Louise Erdrich


"Dear John Wayne" is a poem by Louise Erdrich, a member of the Mountain Band of Chippewa Indians, that portrays the experience of Native Americans watching a western film starring John Wayne, highlighting the inherent racism of the genre.



The poem consists of four stanzas written in free verse. It is narrated in the first person plural from the viewpoint of native American teenagers watching a film at a drive-in movie theater. The plural narrator emphasizes that this poem reflects a universal Native American experience rather than just an individual viewpoint.

In the poem, rather than the audience perceiving Wayne as the hero, the viewers sympathize with the tribes who valiantly shoot arrows at the European invaders and transform watching the film from a moment of oppression to an act of cultural resistance.


The middle stanzas of the poem describe the action in the movie, in which Plains Indians mount an attack on white settlers. The incoming Indian warriors are compared, in a metaphor, to "ICBM missiles." The white settlers die, like "dust weeds," and Erdrich then brings the action to the current day, saying that their deaths bring us "into the history that brought us all here." In other words, the action in the movie is the history that affects the immediate reality of the people watching the movie. 

Then, John Wayne's face appears on the screen, and the crowd cheers. His face is compared to "a thick cloud of vengeance," and his words are rendered in italics as he promises to take revenge on the Indians in the movie. In a situation filled with irony, Indians at the drive-in movie laugh when they see John Wayne. When the movie is over, the audience feels "speechless and small," and they scratch at their mosquito bites. Their bites remind them that they still have to walk around in their skin in a country in which vengeance against them is still sought. As they leave the movie, John Wayne's words ring in their ears. The poem is about the ways in which the past is still present for Native Americans.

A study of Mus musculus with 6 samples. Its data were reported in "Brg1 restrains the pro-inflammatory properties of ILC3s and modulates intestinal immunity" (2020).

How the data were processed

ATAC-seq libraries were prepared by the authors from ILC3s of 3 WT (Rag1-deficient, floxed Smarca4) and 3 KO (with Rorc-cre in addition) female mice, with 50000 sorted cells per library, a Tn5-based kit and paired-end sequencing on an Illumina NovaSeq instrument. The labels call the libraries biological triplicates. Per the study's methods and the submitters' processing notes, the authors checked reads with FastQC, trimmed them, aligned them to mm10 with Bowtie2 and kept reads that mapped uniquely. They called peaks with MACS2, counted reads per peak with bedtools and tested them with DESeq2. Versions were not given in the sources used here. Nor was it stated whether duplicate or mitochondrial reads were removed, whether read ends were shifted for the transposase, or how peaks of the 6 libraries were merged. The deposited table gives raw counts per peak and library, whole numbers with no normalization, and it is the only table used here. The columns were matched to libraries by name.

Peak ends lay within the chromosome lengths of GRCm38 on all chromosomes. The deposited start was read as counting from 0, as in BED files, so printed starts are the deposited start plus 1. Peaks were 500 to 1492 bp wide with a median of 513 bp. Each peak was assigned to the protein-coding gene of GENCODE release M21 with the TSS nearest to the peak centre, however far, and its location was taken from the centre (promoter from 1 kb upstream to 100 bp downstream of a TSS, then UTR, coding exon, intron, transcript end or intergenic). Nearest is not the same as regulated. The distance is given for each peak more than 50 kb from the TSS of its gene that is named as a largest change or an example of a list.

“The drum breaks.  There will be no parlance.

Only the arrows whining, a death-cloud of nerves

swarming down on the settlers

who die beautifully, tumbling like dust weeds

into the history that brought us all here

together: this wide screen beneath the sign of the bear.”

And, then, to mass applause from the overwhelmingly Caucasian audience, the larger-than-live visage of John Wayne fills the screen – the moral and physical symbol of white superiority:

“His face moves over us,

a thick cloud of vengeance . . .

Each rut,

each scar makes a promise:  It is

not over, this fight, not as long as you resist.”

The idea of John Wayne serves as a metaphor for the dehumanization of Native Americans and their depiction in American culture as slovenly, drunken, thieves bent on the rape and pillaging of white people.  For Erdrich’s characters, even the ubiquitous and relentless mosquitos represent the devastation of Native culture, as when her narrator, in the poem’s opening stanza, references the “hordes of mosquitos” intent on breaking “through the smoke screen for blood.”

Any analysis of “Dear John Wayne” has to emphasize the author’s Native American heritage and condemnation of the way Native Americans were depicted in American culture, especially in films and on television.  The heroic white cowboy vanquishing the fanatical, primitive natives was a common theme of films and television shows for many years.  Erdrich captures the sorrow prevalent among a population reduced to economic and social destitution by invading European settlers whose sense of racial superiority resulted in one of history’s greatest instances of genocide.